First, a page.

Lessons based on critical race theory (CRT) are growing more common in school systems across the country despite CRT containing false ideas, a top Republican says.
Rep. Virginia Foxx (R-N.C.) is the ranking member on the House Education and Labor Committee.
CRT categorizes people based on their race and alleges some people are oppressors while others are victims. For instance, in a class in Nevada that used CRT ideas, students were told the most important way to think about themselves was through the identity groups they belong to, including race and gender.
CRT, which declares racism systematic, is rooted in Marxism, experts say.
Foxx said she sees concepts from CRT being inserted into curriculums in various jurisdictions.
CRT “says to students of color that they are victims and it tells white students they are oppressors, and that we’re stuck as a result of our race,” Foxx told NTD’s “Capitol Report” in an interview broadcast over the weekend.
“Well, that’s simply not true in this country. It might be true other places, but it’s certainly not true in this country.”
Foxx recounted growing up in a home with no electricity and no running water and noted she’s now a member of Congress. Sen. Tim Scott (R-S.C.), she added, also grew up poor and is one of 100 U.S. senators. Dr. Ben Carson, meanwhile, another black man, ascended to be one of the top doctors in the country, and served as housing secretary during the Trump administration.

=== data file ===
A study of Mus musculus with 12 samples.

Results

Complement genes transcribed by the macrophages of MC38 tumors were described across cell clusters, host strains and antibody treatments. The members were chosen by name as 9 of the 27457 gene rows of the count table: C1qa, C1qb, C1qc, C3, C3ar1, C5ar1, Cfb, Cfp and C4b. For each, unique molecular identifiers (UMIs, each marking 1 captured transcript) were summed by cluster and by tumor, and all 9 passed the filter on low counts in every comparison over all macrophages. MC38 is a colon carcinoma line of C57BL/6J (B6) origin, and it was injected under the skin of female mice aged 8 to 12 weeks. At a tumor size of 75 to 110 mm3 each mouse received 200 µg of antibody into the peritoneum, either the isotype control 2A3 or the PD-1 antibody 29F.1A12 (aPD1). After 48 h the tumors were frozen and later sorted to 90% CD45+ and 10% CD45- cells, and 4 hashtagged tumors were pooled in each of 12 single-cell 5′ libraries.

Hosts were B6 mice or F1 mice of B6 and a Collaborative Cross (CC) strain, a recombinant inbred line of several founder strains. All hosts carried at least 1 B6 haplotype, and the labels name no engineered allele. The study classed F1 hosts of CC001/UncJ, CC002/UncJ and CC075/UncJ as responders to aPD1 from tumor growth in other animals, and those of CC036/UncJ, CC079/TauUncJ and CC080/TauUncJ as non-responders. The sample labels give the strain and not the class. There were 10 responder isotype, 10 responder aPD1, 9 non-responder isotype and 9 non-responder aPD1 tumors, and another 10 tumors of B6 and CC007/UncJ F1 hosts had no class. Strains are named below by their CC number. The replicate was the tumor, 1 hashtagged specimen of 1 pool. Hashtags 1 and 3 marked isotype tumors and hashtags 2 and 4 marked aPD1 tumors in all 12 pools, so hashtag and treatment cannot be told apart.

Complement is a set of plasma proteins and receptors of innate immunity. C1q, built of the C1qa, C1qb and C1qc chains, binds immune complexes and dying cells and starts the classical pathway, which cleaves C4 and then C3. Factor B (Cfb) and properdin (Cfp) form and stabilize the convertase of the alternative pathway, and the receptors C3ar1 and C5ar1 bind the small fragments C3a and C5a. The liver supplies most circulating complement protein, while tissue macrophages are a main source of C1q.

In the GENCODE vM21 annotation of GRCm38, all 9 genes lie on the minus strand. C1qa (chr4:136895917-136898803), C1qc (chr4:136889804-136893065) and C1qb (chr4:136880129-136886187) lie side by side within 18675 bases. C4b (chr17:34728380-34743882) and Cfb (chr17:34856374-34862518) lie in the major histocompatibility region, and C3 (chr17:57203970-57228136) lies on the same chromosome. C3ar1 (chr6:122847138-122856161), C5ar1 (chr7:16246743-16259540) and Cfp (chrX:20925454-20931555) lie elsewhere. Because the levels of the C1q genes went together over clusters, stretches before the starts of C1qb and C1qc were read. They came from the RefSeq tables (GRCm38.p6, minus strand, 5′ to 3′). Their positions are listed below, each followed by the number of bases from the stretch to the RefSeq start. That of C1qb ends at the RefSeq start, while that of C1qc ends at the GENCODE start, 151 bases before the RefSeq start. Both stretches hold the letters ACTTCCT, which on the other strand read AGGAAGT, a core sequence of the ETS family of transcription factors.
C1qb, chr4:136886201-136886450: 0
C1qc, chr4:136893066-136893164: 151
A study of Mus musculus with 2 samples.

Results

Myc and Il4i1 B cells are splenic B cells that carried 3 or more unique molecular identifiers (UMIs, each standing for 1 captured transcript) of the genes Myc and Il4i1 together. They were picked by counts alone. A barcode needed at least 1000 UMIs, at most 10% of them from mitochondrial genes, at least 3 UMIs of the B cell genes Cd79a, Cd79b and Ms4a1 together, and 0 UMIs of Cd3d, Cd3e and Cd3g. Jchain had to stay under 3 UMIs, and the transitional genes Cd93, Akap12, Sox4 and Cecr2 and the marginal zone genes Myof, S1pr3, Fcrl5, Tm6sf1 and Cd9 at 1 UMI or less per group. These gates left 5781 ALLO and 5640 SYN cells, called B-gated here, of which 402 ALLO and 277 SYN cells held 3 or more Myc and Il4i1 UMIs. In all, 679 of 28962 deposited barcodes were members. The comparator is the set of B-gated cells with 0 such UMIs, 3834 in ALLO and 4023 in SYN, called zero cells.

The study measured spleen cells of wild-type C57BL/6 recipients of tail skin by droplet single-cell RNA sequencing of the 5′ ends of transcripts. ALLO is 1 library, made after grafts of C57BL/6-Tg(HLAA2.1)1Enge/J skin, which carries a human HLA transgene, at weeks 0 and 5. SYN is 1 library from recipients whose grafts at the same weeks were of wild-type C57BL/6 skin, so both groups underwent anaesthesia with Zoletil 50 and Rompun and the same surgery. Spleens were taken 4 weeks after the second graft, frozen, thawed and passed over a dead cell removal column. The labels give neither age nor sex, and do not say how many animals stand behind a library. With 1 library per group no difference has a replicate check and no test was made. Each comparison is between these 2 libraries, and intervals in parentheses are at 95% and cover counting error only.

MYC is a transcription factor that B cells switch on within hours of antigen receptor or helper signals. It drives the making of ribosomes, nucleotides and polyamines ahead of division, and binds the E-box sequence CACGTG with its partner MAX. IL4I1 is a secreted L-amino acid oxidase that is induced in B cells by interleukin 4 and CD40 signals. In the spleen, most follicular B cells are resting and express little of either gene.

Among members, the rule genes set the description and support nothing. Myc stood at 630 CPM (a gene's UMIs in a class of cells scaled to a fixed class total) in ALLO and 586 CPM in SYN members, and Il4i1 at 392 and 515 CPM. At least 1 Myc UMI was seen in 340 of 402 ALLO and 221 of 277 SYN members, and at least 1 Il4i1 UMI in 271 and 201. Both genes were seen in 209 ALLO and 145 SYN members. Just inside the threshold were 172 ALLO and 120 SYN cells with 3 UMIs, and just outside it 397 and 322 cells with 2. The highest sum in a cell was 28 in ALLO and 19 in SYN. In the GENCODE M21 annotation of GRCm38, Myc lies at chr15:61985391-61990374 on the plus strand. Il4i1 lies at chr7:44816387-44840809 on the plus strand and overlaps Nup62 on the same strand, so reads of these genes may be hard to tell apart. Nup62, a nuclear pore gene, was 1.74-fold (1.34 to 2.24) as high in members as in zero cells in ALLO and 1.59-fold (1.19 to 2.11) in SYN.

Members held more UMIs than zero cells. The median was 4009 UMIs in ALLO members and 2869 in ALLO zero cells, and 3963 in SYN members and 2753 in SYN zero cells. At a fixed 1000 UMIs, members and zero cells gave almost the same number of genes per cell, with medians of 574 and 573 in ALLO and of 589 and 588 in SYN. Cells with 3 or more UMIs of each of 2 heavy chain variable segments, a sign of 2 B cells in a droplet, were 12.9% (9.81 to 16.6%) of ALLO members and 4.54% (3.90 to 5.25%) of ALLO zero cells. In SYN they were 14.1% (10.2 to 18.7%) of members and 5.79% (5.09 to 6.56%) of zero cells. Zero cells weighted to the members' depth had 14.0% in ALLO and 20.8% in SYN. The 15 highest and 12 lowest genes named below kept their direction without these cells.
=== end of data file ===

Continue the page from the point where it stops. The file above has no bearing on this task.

“Their mothers told them, ‘you can be anything you want to be,'” Foxx said. “My parents didn’t exactly say that to me. But they demanded excellence of me in school. And so I studied hard and I went through an academic route and again, here I am, in the Congress of the United States. Any person in this country can achieve their God-given talents and take them to the ultimate if they want to—doesn’t matter your color, your religion, your race where you grew up—and we don’t want CRT to become the norm in this country or for people to believe in that.”
In some cases, the insertion of CRT elements into lessons has been hidden from parents. That prompted Foxx and Rep. Scott Fitzgerald (R-Wis.) to introduce a bill that would make school districts post their curriculums online if they want to receive federal funding.
“Knowledge is strength. And we want parents to know what is being taught in the schools. The curriculum should not be a secret,” Foxx said. “Basically this is about transparency, and about the curriculum being open and available.”